History of Science and Technology in Islam

The Arabic Origin of Summa perfectionis magisterii

And the Other Geber Latin Works


Jabir’s Latin Names


In our present investigation about Geber’s Latin works any information about Jabir in Latin literature will be useful. We shall discuss here the different forms of Jabir’s name in Latin. Our survey is not exhaustive and if more Latin variants of the name are revealed in future they will be indicated in the coming articles.


Latin translators did not follow any system of transliteration for Arabic names or words. There were inconsistencies in transliteration to a rather high proportion. Thus Ibn Sina is Avicenna in Latin and Ibn Rushd is Averroes. Fortunately the name of Jabir is simpler and it was not deformed to a high degree. We shall try to make sense in discussing the various Latin forms of this name



The word “Geber” became the standard Latin name for Jabir. In Latin the ‘G” followed by “E” is pronounced as a soft “G” as in the English word “GEM’. Therefore the Latin translators used “GEBER” with a soft “G” to denote Jabir. If they wrote it as “GABIR” it will be a hard “G”.   “J” is not used in Latin.



We meet the word “GIABER” in Latin to denote Jabir.[1] Here the “G” is soft because it is followed by “I” and it is the nearest form to Jabir.



In English the word “GEBER” is pronounced with a hard “G” unlike its pronunciation in Latin. Nevertheless the word “GEBER” was adopted in English literature.  Since “J” is pronounced in English one would expect to see the word “JEBER”[2], and actually we find this word in one Cambridge MS:


Cambridge, Trinity College MS. O.7.35, Vellum, 15th Century

23. f137v Jeber libro 15.



There is no “J” in Latin and “I” is used instead. As a consonant “I” was probably pronounced as “Y” rather than “J”.[3] So Jeber becomes “YEBER”. We find this word in one of the important early manuscripts of the Summa in the B. N.  of Paris:


MS. Lat. 6514. 13th - 14th Centuries A.D., Parchment.

7. f61-83v Incipit liber Yeber de summa colectionis complementi oculte secretorum nature. Prohemium perfectionis in arte.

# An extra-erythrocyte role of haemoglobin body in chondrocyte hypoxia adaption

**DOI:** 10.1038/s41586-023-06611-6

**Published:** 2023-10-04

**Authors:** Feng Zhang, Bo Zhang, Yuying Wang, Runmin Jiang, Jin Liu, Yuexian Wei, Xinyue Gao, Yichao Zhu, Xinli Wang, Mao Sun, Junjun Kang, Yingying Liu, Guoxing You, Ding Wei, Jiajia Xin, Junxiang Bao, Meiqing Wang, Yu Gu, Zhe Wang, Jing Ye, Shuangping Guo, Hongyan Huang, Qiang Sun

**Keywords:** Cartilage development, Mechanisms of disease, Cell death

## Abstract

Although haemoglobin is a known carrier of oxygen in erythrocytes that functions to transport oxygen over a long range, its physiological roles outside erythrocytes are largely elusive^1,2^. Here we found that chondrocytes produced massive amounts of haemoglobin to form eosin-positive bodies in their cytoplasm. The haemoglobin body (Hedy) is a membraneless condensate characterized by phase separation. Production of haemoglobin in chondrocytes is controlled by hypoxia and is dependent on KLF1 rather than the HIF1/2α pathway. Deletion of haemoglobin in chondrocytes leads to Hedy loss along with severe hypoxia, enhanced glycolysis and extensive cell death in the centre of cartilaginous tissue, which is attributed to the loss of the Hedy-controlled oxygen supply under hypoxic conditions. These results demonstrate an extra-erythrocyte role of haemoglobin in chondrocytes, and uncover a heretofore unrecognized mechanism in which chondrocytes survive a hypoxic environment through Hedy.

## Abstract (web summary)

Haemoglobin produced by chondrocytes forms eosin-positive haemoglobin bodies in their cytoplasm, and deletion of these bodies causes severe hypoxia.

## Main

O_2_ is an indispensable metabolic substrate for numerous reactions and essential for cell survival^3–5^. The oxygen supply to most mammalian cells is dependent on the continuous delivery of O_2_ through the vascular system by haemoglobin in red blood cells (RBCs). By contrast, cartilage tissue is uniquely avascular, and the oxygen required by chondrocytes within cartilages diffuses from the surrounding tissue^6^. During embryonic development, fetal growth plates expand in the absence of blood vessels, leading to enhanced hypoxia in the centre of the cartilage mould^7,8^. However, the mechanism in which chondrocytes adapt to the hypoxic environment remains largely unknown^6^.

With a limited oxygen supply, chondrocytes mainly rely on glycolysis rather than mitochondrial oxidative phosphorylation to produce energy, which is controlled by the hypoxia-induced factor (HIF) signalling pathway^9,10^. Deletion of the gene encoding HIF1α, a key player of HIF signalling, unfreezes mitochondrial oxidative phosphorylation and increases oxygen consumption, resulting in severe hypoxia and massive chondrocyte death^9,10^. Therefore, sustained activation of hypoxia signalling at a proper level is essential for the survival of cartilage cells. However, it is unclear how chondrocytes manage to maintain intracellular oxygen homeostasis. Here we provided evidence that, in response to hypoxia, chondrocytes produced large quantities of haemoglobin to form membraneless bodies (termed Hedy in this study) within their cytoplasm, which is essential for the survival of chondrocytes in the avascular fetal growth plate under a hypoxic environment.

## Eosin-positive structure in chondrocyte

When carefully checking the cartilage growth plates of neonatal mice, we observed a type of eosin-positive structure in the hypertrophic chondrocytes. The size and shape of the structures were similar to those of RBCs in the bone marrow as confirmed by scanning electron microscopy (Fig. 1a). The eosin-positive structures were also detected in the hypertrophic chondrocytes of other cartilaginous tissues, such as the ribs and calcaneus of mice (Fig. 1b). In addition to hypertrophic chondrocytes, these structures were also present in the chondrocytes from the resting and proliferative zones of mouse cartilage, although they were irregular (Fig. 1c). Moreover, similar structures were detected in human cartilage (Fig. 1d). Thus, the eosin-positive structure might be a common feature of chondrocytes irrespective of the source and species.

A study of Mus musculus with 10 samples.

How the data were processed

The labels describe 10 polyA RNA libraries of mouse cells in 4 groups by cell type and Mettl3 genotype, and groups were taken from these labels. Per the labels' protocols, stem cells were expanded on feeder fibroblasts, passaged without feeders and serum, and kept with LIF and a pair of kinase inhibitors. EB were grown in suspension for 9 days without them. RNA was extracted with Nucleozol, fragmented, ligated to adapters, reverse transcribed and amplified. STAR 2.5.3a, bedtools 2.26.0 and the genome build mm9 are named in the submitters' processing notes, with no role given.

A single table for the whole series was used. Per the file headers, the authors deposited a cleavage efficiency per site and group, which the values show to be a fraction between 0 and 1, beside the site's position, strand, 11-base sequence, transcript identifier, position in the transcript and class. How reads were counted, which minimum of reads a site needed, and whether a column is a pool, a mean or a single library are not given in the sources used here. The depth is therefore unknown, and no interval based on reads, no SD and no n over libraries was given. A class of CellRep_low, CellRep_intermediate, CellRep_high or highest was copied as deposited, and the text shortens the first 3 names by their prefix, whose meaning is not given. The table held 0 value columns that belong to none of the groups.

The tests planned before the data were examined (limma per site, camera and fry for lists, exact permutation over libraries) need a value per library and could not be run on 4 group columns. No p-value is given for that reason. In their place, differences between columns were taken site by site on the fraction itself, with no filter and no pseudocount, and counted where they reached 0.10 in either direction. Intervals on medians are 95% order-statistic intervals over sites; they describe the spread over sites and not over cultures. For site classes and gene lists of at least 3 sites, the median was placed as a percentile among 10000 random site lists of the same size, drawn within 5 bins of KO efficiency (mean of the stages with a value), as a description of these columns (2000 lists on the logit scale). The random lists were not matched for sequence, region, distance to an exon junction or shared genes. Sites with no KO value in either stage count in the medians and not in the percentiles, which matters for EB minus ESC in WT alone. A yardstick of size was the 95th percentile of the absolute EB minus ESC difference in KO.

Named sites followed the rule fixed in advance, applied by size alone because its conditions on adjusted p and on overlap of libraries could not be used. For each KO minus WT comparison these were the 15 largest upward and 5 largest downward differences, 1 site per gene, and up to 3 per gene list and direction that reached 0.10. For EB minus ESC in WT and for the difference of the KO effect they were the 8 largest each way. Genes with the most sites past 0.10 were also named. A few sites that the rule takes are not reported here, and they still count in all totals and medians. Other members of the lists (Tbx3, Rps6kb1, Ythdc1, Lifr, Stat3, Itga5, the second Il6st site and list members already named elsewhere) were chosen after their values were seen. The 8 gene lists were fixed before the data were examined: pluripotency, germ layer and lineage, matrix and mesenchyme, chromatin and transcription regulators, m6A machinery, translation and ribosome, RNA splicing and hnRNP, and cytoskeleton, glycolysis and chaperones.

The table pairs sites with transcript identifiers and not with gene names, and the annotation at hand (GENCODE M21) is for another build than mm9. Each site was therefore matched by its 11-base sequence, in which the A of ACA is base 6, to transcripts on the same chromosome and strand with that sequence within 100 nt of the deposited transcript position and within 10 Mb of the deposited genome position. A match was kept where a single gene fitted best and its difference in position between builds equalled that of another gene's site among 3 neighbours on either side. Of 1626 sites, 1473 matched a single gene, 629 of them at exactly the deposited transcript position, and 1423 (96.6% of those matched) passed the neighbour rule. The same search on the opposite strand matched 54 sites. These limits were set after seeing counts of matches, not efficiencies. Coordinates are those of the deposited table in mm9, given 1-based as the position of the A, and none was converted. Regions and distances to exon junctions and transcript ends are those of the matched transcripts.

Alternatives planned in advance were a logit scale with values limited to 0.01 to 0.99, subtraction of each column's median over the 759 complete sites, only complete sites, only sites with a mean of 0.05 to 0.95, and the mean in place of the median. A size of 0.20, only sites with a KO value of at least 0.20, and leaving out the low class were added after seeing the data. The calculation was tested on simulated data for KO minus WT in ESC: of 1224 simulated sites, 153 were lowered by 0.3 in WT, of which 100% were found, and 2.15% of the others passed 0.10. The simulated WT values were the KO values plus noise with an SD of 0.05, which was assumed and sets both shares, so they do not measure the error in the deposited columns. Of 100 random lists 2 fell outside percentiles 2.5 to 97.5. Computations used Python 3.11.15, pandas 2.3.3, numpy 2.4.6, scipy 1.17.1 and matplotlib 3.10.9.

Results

As mentioned above “I” is used instead of”J”. Therefore we should expect to find “IEBER” being used instead of “JEBER”.. “I” as a consonant is pronounced as a “y” in “year”, and it is therefore pronounced as “YEBER” We find this form in a Florence MS.


Florence, Biblioteca Nazionale MS. Magl. XVI 37. 14th and 16th Centuries. 37 folios. Parchment.
1. f1-27 Ieber [Geber] perfecti magisterii hec dicta sufficiant... Explicit liber Ieber perfectionis in arte.
 2. f27 Incipiunt excepta libri Ieber quem fecit ad filium et dicitur liber regni quia regum spondet...
Explicit liber regis Ieber quem abreviavit ad filium suum solum.


Geber ebn Haen

A complete name occurs sometimes such as Geber ebn Haen [4] Now ebn Haen is clearly a crude transliteration of the Arabic ibn Hayyan,


Gebir filius hegen ezahufy

In a thirteenth century MS at Florence (Codex Riccardiana 933) Darmstaedter had found a Latin translation of Kitab al-Rahma, entitled Liber Misericordiae. It begins "Dixit qui compilavit  librum istum. Ista est reformatio libri gebir filii hegen ezahuphi. Et est nominatus liber misericordie. Dixit gebir filius hegen ezahufy. Postquam vidi," etc[5]


This is clearly the name of Jabir ibn Hayyan al-Sufi. جابر ابن حيان الصوفي


Geber Abinhaen

This form of the name Jabir ibn Hayyan occurred in Liber de Anima in arte alchimiae attributed to Avicenna. [6]


In modern times the word Geber is used almost exclusively to denote the Pseudo-Geber to distinguish it from Jabir. In modern English Jabir is written also as Djabir. In French it is often Djàber and in German it is written as Dschabir. Ruska who was well known by his habit of casting doubts about the authorship of Arabic Latin works and by attributing some of them to pseudo Latin authors, distinguished in his writings between the Arab Dschabir and the Latin Pseudo-Geber.[7]


We conclude that all these variations in Latin refer to one person: he is Jabir ibn Hayyan. Usually in the Latin translations of Arabic works one word only is used to indicate the author. Thus in the case of Abu Bakr Muhammad ibn Zakariyya al-Razi the word Rhazes was used and for Jabir ibn Hayyan the word Geber was adopted.


[1] Ruska, J., „Pseudo-Geber“, Das Buch der Grossen Chemiker, Band I, Berlin,1931, p. 69. See also  ,  http://perso.club-internet.fr/hdelboy/idee_alchimique_3.html

[2] Darmstaedter, Ernst, Die Alchemie Des Geber, Reprint, Berlin, 1978,  p. 134

[3] Cassell’s Latin Dictionary, New York, 1968, “J:”,  p. 332

[4] Holmyard, E. J. , « The Present Position of the Geber Problem », Science Progress, Jan. 1925, XIX, No. 75, pp. 414-426,

[5] Darmstaedter, E, :“ Liber Misericordiae Geber. Eine lateinische Übersetzung des grösseren Kitâb alrahma.“, Sudhoff’s  Archiv für Geschichte der Medizin, Bd. xvii, Heft 4, 1925

[6] Multhauf, Robert, The Origins of Chemistry, London, 1966, p. 161

[7] Ruska, op. cit. pages  18 and 60.. Ruska attributed the authorship of the Khalid-Morienus dialogue Liber de compositione alchimiae to a pseudo-Latin author despite the many indications that were at his disposal pointing to the contrary. See the article on the Origin of Liber de compositione alchimiae at this web site.